The presentations were part of this week's Koffee Klub breakfast series with the Monroe County Chamber of Commerce.
Tourism, home life and housing sales were the talking points under a “Quality of Life” theme for Tuesday’s Koffee Klub program — and all three speakers forecast bright outlooks for 2018 in their respective areas.
Koffee Klub is a breakfast series hosted by the Monroe County Chamber of Commerce, featuring local leaders giving short presentations on a variety of topics.
John Patterson, president and CEO of the Monroe County Convention and Tourism Bureau, started the event with an explanation that record attendance was noted at several community events in 2017. He invited the business leaders to get involved with upcoming activities such as Monroe International Friendship Association’s hosting of a delegation from Monroe’s sister city in Japan.
He plans to invite Frank Beckmann of WJR 760 AM back to Monroe for another golf-themed show honoring Monroe County’s pletheora of golf courses.
One of Monroe’s signature events, the River Raisin Jazz Festival, will be renamed the “Jazz and Heritage Festival” to expand the possibilties for entertainment and tie-ins.
In the meantime, Patterson said he and Richard Micka are working “on an inventory of everything in Monroe County that would be of interest to visitors.” He also is working with The Monroe News to relaunch the Johnnie Tourism series that focused on introductions to the community’s history and resources.
Bart Lydy, president of the Home Builders Association of Monroe County, had a topic that fit in well between tourism and real estate as he explained how Monroe County’s geographic features contribute to an overall-quality of life. “A lot of stuff we take for granted,” he said about easy access to Lake Erie and interstate routes.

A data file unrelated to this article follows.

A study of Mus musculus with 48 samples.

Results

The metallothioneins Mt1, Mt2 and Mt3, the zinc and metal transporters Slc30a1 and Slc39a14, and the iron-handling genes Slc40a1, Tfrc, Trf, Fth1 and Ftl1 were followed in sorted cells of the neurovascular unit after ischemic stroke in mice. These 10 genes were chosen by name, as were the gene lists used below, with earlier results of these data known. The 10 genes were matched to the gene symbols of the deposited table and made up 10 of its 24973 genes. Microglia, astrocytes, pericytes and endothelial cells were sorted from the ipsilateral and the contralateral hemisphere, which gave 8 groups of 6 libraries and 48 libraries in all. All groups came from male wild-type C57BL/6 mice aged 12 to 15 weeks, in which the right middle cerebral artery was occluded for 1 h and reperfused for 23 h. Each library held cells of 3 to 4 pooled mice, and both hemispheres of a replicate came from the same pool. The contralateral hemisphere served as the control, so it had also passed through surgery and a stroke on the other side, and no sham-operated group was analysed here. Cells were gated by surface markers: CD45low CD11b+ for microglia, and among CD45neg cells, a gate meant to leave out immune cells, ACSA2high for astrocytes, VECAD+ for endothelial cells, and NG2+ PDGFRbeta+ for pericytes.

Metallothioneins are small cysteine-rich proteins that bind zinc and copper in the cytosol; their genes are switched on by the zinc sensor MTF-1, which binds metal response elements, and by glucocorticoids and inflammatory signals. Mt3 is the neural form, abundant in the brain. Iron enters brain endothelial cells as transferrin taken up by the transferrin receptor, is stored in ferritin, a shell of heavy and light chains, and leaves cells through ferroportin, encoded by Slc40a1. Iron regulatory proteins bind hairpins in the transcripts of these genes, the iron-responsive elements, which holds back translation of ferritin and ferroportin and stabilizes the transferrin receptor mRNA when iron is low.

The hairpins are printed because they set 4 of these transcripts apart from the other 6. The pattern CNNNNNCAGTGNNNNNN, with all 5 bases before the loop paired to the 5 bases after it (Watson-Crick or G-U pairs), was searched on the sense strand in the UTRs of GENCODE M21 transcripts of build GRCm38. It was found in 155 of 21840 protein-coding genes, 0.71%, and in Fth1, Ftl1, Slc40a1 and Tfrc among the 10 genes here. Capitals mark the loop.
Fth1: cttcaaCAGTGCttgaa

“Monroe County is a great place to build a new home,” he said.
At the same time, today’s technology contributes to daily conveniences, lower utility bills and overall a more pleasant atmosphere.
“Homes continue to be, and new homes particularly, continue to be a good value,” he said.
Alan Haynes, president, of Coldwell Banker Haynes Real Estate Inc., was accompanied by Lynda Nickelson, director of training & recruitment/ Realtor for Coldwell Banker, for the last presentation. Haynes referenced the huge swings he witnessed in the real estate market between 2005, which was a peak high, to 2011, which was the lowest.
And the Monroe County market, while slower than some other places in southeast Michigan, is starting to come back. “ We don’t see a lot of foreclosures and short sales,” he said about the current conditions.